Toronto
2 min

Tit talk

Getting queer women in touch with their breasts

KEEPING ABREAST OF THE SITUATION. Project coordinator Cheryl Dobinson and volunteer Pamela Sloan want to help queer women get friendly with their breasts. Credit: Christine Ablett

Of the issues that lesbian and bisexual women struggle with when it comes to breast health, those around being queer and facing homophobia in healthcare are among the biggest. The Lesbian And Bisexual Women’s Breast Health Project is looking to change that.



“Homophobia and biphobia can cause lesbian and bi women to delay going for all kinds of care,” says project co-ordinator Cheryl Dobinson. “Most materials are targeted and are not inclusive to lesbians and gays, so queers may come away without retaining information.



“Queer women have also realized that healthcare providers don’t have an awareness of their issues. If they only talk about boyfriends or husbands and always refer to a women’s femininity it leaves many queer women out.”



Dobinson explains that although it isn’t being a lesbian that makes women at a higher risk for breast cancer, on average, “lesbians may have higher body weight, higher alcohol use and, if not having a baby, may not be encouraged to have regular gynecological exams, pap tests, clinical breast exams or mammograms.”



The project will train volunteers to offer peer support and encourage women to develop a better relationship with their breasts with the hopes of promoting better screening practices for cancer.



To better serve queer women who have already been diagnosed with cancer, the project will involve working with existing agencies to help them become better acquainted with the specific needs of lesbian and bisexual women.



“We decided to pilot a support program for lesbians and bis living with breast cancer with Gilda Club, a community based cancer support agency,” says Dobinson. “We are also piloting a training program for volunteers at Willow Breast Cancer Support And Resource Services.”



The project isn’t the only initiative currently trying to get us thinking about cancer. The Canadian Cancer Society (CCS) is holding a town hall meeting on Sat, Nov 27 to give queers a chance to offer feedback to the bigwigs at the CCS about how they could better address queer needs.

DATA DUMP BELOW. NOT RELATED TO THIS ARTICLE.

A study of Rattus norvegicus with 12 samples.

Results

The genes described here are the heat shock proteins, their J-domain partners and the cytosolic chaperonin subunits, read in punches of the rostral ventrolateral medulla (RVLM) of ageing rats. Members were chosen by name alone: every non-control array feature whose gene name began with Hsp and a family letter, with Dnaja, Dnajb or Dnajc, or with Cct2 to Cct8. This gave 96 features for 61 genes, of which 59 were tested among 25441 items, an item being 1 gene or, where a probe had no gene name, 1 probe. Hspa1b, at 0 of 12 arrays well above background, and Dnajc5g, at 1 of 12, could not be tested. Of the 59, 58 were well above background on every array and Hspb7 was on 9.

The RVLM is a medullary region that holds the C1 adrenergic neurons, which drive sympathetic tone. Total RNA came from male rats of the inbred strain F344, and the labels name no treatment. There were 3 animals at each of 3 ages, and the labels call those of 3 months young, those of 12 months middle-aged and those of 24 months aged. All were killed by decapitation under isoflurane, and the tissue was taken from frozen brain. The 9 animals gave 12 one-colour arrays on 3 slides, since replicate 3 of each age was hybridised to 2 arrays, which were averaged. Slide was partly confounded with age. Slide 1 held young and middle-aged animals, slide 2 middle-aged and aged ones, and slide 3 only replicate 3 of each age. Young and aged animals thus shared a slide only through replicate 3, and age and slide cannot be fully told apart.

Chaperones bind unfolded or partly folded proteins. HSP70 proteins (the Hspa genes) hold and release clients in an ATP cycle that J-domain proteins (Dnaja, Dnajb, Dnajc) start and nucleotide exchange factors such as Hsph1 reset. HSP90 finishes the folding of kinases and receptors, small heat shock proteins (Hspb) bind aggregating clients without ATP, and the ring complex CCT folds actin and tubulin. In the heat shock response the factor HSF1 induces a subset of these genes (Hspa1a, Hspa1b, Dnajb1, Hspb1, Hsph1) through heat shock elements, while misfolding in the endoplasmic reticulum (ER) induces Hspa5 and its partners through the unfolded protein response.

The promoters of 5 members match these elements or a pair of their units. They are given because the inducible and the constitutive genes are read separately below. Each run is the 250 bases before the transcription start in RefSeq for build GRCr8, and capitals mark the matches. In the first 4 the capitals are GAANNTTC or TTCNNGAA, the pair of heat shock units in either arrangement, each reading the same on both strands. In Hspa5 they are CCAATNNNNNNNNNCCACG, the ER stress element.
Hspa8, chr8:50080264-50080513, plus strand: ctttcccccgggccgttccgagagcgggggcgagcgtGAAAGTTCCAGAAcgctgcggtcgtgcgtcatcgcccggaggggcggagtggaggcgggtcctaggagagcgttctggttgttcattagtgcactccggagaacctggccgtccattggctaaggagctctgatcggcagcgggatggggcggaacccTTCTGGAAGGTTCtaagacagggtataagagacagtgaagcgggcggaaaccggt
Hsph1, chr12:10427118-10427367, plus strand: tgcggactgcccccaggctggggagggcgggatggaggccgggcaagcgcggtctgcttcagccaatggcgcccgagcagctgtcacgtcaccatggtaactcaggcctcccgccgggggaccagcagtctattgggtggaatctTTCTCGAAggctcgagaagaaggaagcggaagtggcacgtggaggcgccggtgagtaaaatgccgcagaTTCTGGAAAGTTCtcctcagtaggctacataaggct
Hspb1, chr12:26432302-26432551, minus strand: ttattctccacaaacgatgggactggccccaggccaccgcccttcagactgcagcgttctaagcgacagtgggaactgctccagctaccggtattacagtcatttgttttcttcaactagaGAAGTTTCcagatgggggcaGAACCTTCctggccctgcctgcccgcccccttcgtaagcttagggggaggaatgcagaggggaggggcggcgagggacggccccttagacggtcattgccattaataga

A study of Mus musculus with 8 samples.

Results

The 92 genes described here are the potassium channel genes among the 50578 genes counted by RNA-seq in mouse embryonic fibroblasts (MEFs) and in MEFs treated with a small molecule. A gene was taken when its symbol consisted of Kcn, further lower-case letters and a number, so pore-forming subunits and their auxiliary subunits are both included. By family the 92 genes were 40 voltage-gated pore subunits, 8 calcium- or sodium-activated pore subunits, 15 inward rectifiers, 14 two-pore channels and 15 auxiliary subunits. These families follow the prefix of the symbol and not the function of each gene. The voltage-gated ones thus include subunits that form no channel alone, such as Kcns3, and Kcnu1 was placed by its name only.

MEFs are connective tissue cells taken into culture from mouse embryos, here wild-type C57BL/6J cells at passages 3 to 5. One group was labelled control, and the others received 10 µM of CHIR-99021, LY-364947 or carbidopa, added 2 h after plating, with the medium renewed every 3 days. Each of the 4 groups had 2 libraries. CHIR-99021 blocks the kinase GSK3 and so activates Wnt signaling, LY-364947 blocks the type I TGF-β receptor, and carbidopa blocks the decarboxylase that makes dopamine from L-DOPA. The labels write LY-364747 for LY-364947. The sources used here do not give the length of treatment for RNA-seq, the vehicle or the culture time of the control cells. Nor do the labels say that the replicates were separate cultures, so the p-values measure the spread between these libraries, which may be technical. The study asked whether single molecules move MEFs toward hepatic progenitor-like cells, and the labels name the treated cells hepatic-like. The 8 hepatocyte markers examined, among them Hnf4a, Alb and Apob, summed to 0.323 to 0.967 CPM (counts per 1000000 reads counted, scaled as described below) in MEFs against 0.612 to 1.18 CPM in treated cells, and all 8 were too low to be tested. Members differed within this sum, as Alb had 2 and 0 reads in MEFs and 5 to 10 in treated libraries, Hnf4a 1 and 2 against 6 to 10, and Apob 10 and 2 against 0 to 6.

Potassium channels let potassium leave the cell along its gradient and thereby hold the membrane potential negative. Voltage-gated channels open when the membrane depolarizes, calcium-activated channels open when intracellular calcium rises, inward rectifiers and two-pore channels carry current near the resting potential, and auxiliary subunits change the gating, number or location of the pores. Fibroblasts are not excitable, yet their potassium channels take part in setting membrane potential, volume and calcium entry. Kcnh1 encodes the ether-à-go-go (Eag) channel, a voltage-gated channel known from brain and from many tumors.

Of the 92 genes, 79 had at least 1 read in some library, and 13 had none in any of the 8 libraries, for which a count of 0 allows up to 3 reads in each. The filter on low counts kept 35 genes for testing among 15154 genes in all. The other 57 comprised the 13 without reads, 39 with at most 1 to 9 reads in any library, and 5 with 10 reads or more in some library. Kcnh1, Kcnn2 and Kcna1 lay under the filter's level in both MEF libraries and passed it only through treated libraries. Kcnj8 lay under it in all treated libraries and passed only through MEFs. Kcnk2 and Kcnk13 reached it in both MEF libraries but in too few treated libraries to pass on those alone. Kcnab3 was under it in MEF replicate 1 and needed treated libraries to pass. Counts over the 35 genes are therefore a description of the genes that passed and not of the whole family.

Jennifer Alexander is one of the CCS volunteers organizing the meeting and is all too familiar with what it’s like to be a lesbian dealing with cancer. Her partner of 21 years passed away four years ago after a six-year battle with cancer. Alexander learned firsthand about the lack of services for queer women, which is what inspired her to get involved.



“The CCS is inviting the gay community to The 519 to talk about what gaps there are in services,” says Alexander. “We have a panel of four speakers from the CCS, three professionals speaking on behalf of the gay community and nine queer cancer survivors who will speak of their stories. One woman lost her partner of 47 years and will be speaking. The gay community is saying this is what we need and what we’re up against.”



Alexander is also involved with the Wellspring Cancer Support Centre, which recently adopted a support group she started out of her home more than a year ago for lesbians and their partners. “Out of that I know we need a group for partners themselves. There is also a need for a men’s group.”



* Volunteers are currently being sought for the project Making Us Visible: Promoting Access To Breast Health And Breast Cancer Services For Lesbian And Bisexual Women. For more information contact Cheryl Dobinson at (416) 324-5063 or e-mail cdobinson@sherbourne.on.ca.



The Canadian Cancer Society Town Hall Meeting takes place on Sat, Nov 27 from 10am to 2pm at the 519 Community Centre (519 Church St).



The Wellspring Cancer Support Centre (81 Wellesley St E) offers a lesbian-specific support meeting the first Thursday of every month from 7pm to 9pm.